As many startup businesses evolve, they follow a common pattern. An entrepreneur is inspired by an idea or market opportunity and “starts in a garage” or a basement (or their parents’ spare room). That entrepreneur at the beginning “does it all”, from product design, to marketing and sales, to customer support to manufacturing and shipment or in person delivery.
Jan 4, 2019 4:15:00 PM
Nov 20, 2014 2:23:24 PM
The decision to outsource product assembly and manufacturing is not black and white.
For many Original Equipment Manufacturer (OEM) companies, outsourcing manufacturing and product development includes many grey areas where various advantages and disadvantages need to be weighed. Especially when it comes to comparing different contract manufacturers against one another, the differences aren’t always clear – meaning your final decision isn’t always an easy one.
To help you distinguish reliable outsourced product assembly partners from those that aren’t a good fit for your OEM company, here are the top four facts you need to know:
Nov 13, 2014 8:42:00 AM
As an Original Equipment Manufacturer (OEM), you need to select an outsourced contract manufacturer with care: It’s not just your company’s production quality on the line, but your reputation as well.
That’s why many OEM companies choose private label manufacturers with an ISO certification, to ensure that any potential manufacturing partner meets an objective standard of quality.
But ISO 9001 certification shouldn’t be your only measure of selecting an outsourced manufacturing partner. Here’s why:
Oct 21, 2014 11:43:00 AM
As an Original Equipment Manufacturer (OEM), you appreciate first-hand how lean manufacturing practices enhance your profitability (and the profitability of your contract manufacturer). But, have you considered how a lean culture improves your bottom line as well?
With a lean culture, all of your employees are personally invested and responsible for continuous improvement at your OEM or private label manufacturer. From high-level managers to front-line staff, your entire business focuses on new ways to work efficiently, increase value and deliver better service to clients and customers.
Lean culture makes a difference in profitability by dramatically improving employee engagement. According to a recent study by the Workplace Research Foundation, increasing investments in employee engagement by 10% has the potential to increase your profits by $2,400 per employee, per year. The same study also found that highly engaged employees are 38% more likely to have above-average productivity.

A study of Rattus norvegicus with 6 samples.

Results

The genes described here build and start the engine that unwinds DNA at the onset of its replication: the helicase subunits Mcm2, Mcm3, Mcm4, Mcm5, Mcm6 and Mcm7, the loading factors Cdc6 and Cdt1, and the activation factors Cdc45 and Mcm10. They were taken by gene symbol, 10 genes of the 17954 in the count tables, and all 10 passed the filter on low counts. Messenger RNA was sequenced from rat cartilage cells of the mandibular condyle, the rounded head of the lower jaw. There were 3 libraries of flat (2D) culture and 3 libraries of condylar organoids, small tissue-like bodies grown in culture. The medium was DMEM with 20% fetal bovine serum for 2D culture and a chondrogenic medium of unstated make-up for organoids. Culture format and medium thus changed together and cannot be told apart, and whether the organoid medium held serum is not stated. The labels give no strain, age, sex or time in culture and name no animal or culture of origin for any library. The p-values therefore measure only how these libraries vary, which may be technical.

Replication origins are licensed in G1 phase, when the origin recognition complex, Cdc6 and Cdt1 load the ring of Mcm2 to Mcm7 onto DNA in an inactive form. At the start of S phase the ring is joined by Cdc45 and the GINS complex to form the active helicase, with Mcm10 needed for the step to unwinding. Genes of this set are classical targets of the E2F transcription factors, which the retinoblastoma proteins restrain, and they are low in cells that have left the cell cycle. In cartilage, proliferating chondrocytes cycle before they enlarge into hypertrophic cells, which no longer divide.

So, how does a lean culture contribute to increased employee engagement? Here are three of the most common ways:
1. Lean Culture Means More Employee Feedback
Within a lean manufacturing culture, your employees have the opportunity to be a part of your firm’s process improvement initiatives. These lean projects give your employees the chance to provide feedback on current processes and then directly address those concerns themselves.
By soliciting and using workers’ feedback, you increase employee engagement with your company. Not only does a lean culture foster a habit of continual feedback, but it equally encourages employees to get involved in making a solution happen – whether that’s in the boardroom or on the manufacturing floor.
Sep 16, 2014 7:00:00 AM
It’s a mistake many Original Equipment Manufacturers (OEMs) make: They assume that lean initiatives are one-time fixes or a set of tools to be used occasionally. But using a lean manufacturing approach like this is likely to yield disappointing results.
Lean manufacturing isn’t just a temporary tool or passing fad – it’s an imperative for OEMs and contract manufacturers looking to maintain (or gain) a competitive advantage. Yet, there’s no way to ensure your lean manufacturing programs are properly implemented unless you have a lean culture to maintain those ongoing initiatives.
Crafting A Lean Culture
Transitioning to a lean mindset means about 20 percent of your work involves process improvements and eliminating inefficiencies and about 80 percent of your work involves creating a lean culture. This is because your employees are the heart of all lean manufacturing: Their workflow, attitudes, outlooks and working relationships all determine the profitability of your lean manufacturing services.
Without a sustainable lean culture, your continuous improvement efforts ultimately grind to a halt. Why? Because without employee-driven, culture-based decision making, old and inefficient working habits eventually resurface. Also, if your employees aren’t constantly looking to improve, your processes fall victim to efficiency entropy.